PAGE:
OT may be considered medically necessary for individuals who meet ALL of the following criteria:
- The therapy is aimed at improving, adapting or restoring functions of an individual who has been impaired or permanently lost as a result of physical disability due to illness, injury, congenital anomaly, or prior therapeutic intervention; and
- Achieve a specific diagnosis-related goal for an individual who has a reasonable expectation of achieving measurable improvement in a reasonable and predictable period of time based on the qualified OT assessment of the individual’s restoration potential and unique medical condition; and
- Specific, effective and reasonable treatment for the individual’s diagnosis and physical condition; and
- The services are delivered by a qualified provider of OT services. A qualified provider is an individual who is licensed, where required, and performs within the scope of licensure.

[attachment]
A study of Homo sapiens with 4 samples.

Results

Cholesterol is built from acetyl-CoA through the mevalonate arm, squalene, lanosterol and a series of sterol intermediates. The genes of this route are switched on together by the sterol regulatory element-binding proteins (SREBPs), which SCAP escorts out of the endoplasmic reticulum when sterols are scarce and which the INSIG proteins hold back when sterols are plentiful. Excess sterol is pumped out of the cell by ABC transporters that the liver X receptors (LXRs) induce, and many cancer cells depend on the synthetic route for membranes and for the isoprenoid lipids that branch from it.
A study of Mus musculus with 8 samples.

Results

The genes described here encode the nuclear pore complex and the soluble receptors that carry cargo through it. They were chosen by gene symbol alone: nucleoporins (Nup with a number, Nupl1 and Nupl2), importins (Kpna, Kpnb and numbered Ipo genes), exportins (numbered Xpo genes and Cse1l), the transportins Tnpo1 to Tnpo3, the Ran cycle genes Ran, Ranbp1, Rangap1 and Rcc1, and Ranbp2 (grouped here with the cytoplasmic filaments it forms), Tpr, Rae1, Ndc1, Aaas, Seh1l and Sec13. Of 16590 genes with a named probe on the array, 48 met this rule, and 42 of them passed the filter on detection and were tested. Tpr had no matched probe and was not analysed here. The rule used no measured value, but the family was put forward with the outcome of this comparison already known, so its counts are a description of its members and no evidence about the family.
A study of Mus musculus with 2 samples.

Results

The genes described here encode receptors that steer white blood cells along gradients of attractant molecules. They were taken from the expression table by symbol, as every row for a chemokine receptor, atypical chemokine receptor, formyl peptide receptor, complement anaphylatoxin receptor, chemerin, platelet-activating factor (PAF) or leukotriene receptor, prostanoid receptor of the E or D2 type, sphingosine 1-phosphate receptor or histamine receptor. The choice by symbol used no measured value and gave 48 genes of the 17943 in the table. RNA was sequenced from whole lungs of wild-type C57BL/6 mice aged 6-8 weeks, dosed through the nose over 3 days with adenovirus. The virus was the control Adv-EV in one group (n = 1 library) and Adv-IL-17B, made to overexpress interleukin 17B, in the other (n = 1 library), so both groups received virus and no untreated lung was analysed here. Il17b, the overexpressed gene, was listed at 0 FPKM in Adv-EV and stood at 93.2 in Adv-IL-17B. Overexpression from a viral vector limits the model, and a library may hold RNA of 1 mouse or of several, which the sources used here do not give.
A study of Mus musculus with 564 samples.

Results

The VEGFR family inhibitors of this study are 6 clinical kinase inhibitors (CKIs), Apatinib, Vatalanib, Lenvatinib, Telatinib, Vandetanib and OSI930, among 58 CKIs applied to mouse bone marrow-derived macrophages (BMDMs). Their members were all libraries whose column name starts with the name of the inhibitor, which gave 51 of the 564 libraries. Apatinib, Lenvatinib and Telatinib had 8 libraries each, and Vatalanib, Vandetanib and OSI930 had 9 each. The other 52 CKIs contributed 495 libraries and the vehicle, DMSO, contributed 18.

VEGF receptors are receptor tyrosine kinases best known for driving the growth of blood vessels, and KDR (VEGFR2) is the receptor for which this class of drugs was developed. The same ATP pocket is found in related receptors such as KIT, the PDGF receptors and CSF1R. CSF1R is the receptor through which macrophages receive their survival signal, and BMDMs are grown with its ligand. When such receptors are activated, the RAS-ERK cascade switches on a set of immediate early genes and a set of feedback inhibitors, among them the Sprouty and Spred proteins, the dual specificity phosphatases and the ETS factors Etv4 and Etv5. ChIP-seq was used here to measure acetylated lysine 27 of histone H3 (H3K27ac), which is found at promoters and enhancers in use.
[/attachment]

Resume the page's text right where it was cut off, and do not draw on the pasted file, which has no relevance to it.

A typical treatment plan consists of up to one (1) hour sessions and up to four (4) physical medicine procedures per date of service and includes ANY of the following:
- Modalities; or
- Therapeutic procedures; or
- Tests and measurements; or
- Muscle range of motion (ROM) testing; or
- Orthotic management and prosthetic management.
Exceptions include [standardized cognitive performance testing per hour and work hardening/conditioning; initial two (2) hours. Each additional hour of work hardening/conditioning will be considered exceeding the limitation; and is considered not medically necessary.
Duplicate therapy is considered not medically necessary. Example: An individual receiving therapy services from two (2) different providers treating the same condition.